Lake foam is a common occurrence in the spring and fall. You may also even see it during the summer, especially after large storm events. It is very common in water bodies across the northern climates, and Tri-Lakes is no exception. Here’s what’s happening:
In the fall, aquatic plants and algae start to senescence (die off). During the decomposition of this vegetative material, nutrients and other organic compounds like lipids, organic acids, and tannins are released. These natural compounds can float to the top and mix with the surface water. The organic compounds then decrease the surface tension of water. The reduced surface tension of the water allows millions of tiny air bubbles to form from wind or other disturbances (e.g. current, dams, riffles, etc.) that become the “foam”.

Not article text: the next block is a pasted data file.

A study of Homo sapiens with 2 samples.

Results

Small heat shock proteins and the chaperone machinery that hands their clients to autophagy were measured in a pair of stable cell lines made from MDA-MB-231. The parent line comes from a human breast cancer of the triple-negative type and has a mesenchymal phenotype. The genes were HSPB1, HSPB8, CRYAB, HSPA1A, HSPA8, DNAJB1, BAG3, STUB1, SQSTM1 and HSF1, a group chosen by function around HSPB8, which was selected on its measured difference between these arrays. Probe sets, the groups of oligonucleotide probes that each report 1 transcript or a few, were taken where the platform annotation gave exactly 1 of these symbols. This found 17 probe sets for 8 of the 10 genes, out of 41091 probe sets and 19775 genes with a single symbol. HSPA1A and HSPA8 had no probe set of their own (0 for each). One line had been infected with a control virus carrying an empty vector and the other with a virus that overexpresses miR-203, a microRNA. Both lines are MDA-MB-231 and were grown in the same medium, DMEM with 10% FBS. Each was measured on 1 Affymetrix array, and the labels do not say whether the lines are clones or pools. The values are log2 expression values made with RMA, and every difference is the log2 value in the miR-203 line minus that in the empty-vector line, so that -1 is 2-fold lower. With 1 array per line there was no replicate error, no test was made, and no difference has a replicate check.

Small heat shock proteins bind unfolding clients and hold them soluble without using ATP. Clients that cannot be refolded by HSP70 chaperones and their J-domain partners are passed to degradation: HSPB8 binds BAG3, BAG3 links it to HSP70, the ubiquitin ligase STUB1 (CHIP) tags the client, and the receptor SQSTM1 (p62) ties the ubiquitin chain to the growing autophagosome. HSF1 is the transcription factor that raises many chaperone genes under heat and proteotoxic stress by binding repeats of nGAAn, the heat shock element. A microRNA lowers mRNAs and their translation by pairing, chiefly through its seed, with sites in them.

In the spring, snow melt causes water to flush out nearby wetlands, streams, rivers, etc., releasing the same material from decomposed organic matter. In addition to higher flows in the spring, the lakes “turn over” releasing the same material from within the lake that can create the same foam.
As the water temps warm, plants and algae start growing again. This growth absorbs the nutrients while bacteria break down the organic compounds. These actions lead to less fuel to create the foam. However later in the summer, heavy storm events can also cause wetlands to purge water rich in these compounds, and If there are also high winds associated with these same storms, you may have temporary foam production.
Human sources of pollution from runoff, septic systems and even sediment disturbance can do the same thing, and even intensify the amount of foam throughout the open water season. Some forms of pollution contain the same compounds that create foam. So it can be that foam is also an indicator of pollution. It would take substantial monitoring to determine specifically what the cause is. Bottomline: lake foam is often a natural phenomenon and not always caused by pollution.